Marshall Crenshaw has a big pair of shoes to fill this week in Montclair — sneakers, actually.
Pat DiNizio’s sneakers.
Friday night at Outpost in the Burbs, the singer and guitarist will join Smithereens members Jim Babjak (guitar), Dennis Diken (drums) and Mike Mesaros (bass) for a full show, for the first time. The Grip Weeds, another Garden State mainstay, open the 8 p.m. show; visit outpostintheburbs.org.
“It’s certainly not just another day at the office. I realize it’s a pretty significant thing,” Crenshaw says of trying to fill the void left by Smithereens frontman DiNizio’s death, in December. “If I think too deeply about it, there’s a little bit of painfulness. I really just try to tune out everything and just play the music.”
It will be Smithereens music that the New York resident and the band will play. In a phone interview Tuesday, Crenshaw said they will not play any of his material. “Entirely a Smithereens show. I’m just there to be the surrogate; I’m just like the mouthpiece, so to speak. I’m there to do justice to the songs. The energy that the band has is exciting to be around.”
Like The Smithereens, Crenshaw broke through in the 1980s, with the Michigan native doing so with the song “Someday, Someway” in 1982, and DiNizio and Co. with their debut album (Especially for You) four years later. Prior to that, Crenshaw began making a name for himself playing John Lennon in a touring version of the Broadway musical, “Beatlemania.”
Crenshaw recalled seeing The Smithereens for the first time on “The Uncle Floyd Show,” the New Jersey institution that was on television from the ’70s to the ’90s. Later, he heard the band playing The Who’s “The Seeker” during a soundcheck at The Bottom Line in New York.
“I thought, ‘Wow! They must have gone to the crossroads.’ They just became a really great rock band and remain so to this day,” he says. “(I thought), ‘They found themselves, didn’t they?’ ”
Crenshaw crossed paths a final time with DiNizo at his 60th birthday celebration in his hometown of Scotch Plains. That was in October 2015.
“It was a cool, old school, neighborhood-hall type of thing,” says Crenshaw, who recalled DiNizio explaining his local roots and history. “It was an emotionally heightened thing at this event. It was the last time I saw him.”
Friday won’t mark the first time Crenshaw will be onstage with Babjak, Diken and Mesaros. As one of many guest vocalists, he spent time at center stage for the band’s marathon tribute to DiNizio in January at the Count Basie Theatre in Red Bank. Crenshaw sang and played on “Even If I Never Get Back Home,” “Strangers When We Meet” and Buddy Holly’s “Well … All Right.” (see a YouTube video of “Well … All Right,” embedded below)
Crenshaw’s association with The Smithereens goes back to the Reagan Era, when he appeared on their first album in 1986 under the name Jerome Jerome. (It was a name that his brother, Robert, hung on him.) Crenshaw said he played piano and Hammond B3 organ on “Strangers When We Meet,” and Diken said he also played six-string bass on the B-side, “White Castle Blues.”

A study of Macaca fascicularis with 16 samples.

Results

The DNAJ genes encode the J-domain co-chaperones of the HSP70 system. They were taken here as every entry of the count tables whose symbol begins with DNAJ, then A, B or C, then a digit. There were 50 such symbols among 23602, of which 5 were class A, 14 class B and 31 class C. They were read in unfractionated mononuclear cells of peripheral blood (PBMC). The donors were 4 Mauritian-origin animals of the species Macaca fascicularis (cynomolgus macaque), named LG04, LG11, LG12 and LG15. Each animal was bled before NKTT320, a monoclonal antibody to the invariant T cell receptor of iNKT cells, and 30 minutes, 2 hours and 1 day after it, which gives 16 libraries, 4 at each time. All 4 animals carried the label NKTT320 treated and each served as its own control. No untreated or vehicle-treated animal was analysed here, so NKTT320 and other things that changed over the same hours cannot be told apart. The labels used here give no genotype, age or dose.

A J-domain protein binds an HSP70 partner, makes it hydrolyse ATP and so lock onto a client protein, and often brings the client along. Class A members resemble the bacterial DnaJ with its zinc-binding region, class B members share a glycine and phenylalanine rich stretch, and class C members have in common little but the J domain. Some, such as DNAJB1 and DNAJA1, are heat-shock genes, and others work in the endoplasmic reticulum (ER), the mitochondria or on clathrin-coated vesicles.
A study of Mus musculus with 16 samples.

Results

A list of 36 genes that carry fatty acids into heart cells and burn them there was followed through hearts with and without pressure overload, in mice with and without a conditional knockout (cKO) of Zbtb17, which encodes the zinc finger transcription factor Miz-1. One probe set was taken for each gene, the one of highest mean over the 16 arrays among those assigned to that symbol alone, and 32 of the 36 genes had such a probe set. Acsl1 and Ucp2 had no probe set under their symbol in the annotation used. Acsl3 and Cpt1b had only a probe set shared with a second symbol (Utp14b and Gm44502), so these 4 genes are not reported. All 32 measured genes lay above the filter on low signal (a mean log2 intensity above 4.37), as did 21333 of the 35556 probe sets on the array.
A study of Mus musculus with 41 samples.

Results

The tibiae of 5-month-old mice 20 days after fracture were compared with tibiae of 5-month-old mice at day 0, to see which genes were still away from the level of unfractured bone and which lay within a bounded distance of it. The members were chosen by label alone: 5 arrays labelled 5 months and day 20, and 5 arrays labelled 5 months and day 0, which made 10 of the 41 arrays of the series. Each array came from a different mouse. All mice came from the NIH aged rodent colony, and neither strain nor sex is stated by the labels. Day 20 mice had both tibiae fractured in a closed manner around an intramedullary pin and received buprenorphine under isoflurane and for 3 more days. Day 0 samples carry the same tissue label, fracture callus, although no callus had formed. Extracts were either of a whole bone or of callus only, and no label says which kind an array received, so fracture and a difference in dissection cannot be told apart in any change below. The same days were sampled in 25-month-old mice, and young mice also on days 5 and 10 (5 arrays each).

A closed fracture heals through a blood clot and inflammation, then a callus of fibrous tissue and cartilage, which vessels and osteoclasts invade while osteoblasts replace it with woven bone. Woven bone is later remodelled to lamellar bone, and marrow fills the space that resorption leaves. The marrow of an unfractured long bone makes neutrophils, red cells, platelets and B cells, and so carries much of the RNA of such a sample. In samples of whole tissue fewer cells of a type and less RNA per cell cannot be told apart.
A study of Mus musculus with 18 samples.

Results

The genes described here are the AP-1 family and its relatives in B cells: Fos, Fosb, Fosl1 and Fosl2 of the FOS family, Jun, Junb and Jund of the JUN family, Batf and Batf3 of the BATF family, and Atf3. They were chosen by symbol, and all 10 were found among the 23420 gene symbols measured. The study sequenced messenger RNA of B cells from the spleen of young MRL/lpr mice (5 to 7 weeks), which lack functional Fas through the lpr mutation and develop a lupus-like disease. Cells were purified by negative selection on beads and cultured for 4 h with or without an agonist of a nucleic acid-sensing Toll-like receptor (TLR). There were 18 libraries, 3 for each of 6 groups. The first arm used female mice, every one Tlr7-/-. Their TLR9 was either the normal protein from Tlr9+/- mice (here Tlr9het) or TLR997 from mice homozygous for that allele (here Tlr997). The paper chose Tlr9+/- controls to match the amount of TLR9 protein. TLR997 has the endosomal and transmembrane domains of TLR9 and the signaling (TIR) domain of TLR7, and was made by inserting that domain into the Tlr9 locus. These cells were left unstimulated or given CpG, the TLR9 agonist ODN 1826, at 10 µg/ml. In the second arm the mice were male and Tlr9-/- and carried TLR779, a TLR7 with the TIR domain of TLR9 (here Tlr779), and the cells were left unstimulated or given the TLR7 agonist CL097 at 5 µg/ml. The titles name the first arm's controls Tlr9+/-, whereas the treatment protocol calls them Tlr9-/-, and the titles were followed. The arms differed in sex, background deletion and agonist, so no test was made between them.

“Marshall is a joy to work with. He’s a total pro (and) great musician. He just reeks music,” says Diken, who also will be out this year doing gigs with Dave Davies (of The Kinks) and Ronnie Spector.
“(Crenshaw is), I think, one of the best vocalists of our time. Our sensibilities are really in line; always have been. We’ve known Marshall a really long time, and he’s really part of our extended family.”
The remaining Smithereens did the tribute show and then appeared with Robin Wilson of the Gin Blossoms at a show in Illinois, in April. There were other tributes to DiNizio at the Court Tavern New Brunswick and Crossroads in Garwood, as well.
Still, it’s an adjustment for Diken to look forward from his drum kit and not see his longtime bandmate front and center.
“It’s strange. It’s weird, it’s odd — all the things you might imagine,” the Carteret native says. “While it is odd and will never be the same without Pat … it’s the same mindset when I play with anybody: I’m here to do a job. … If you get caught up in the emotion, then you’re not really doing your job. I guess it’s a form of detachment, but it’s what I need to do to approach any of these gigs now and, I guess, most importantly, a Smithereens gig.”
With Crenshaw, Babjak, Diken and Mesaros being the pros they are, there will not be days of practice before the Outpost show.
“It’s going to be one-day rehearsal. We’re not sure how long it will take, but it will be just one rehearsal,” Diken says. “That’s the way we’re going to approach it, and we’ll see how it goes.”
Crenshaw said he and the band will be doing more shows in July and August; details are expected to be announced soon. In addition to Diken touring with Davies and Spector, Babjak stays busy with his Buzzed Meg side project. And The Smithereens on May 25 released a 22-song CD, COVERS. Previously available only digitally on iTunes, it features song made famous by The Beatles, The Kinks, Bruce Springsteen, Frank and Nancy Sinatra and others.
For more information and updates on The Smithereens’ activities, visit officialsmithereens.com.
Tom Skevin is an award-winning journalist and music publicist who resides in Sussex County. He can be emailed at firstname.lastname@example.org.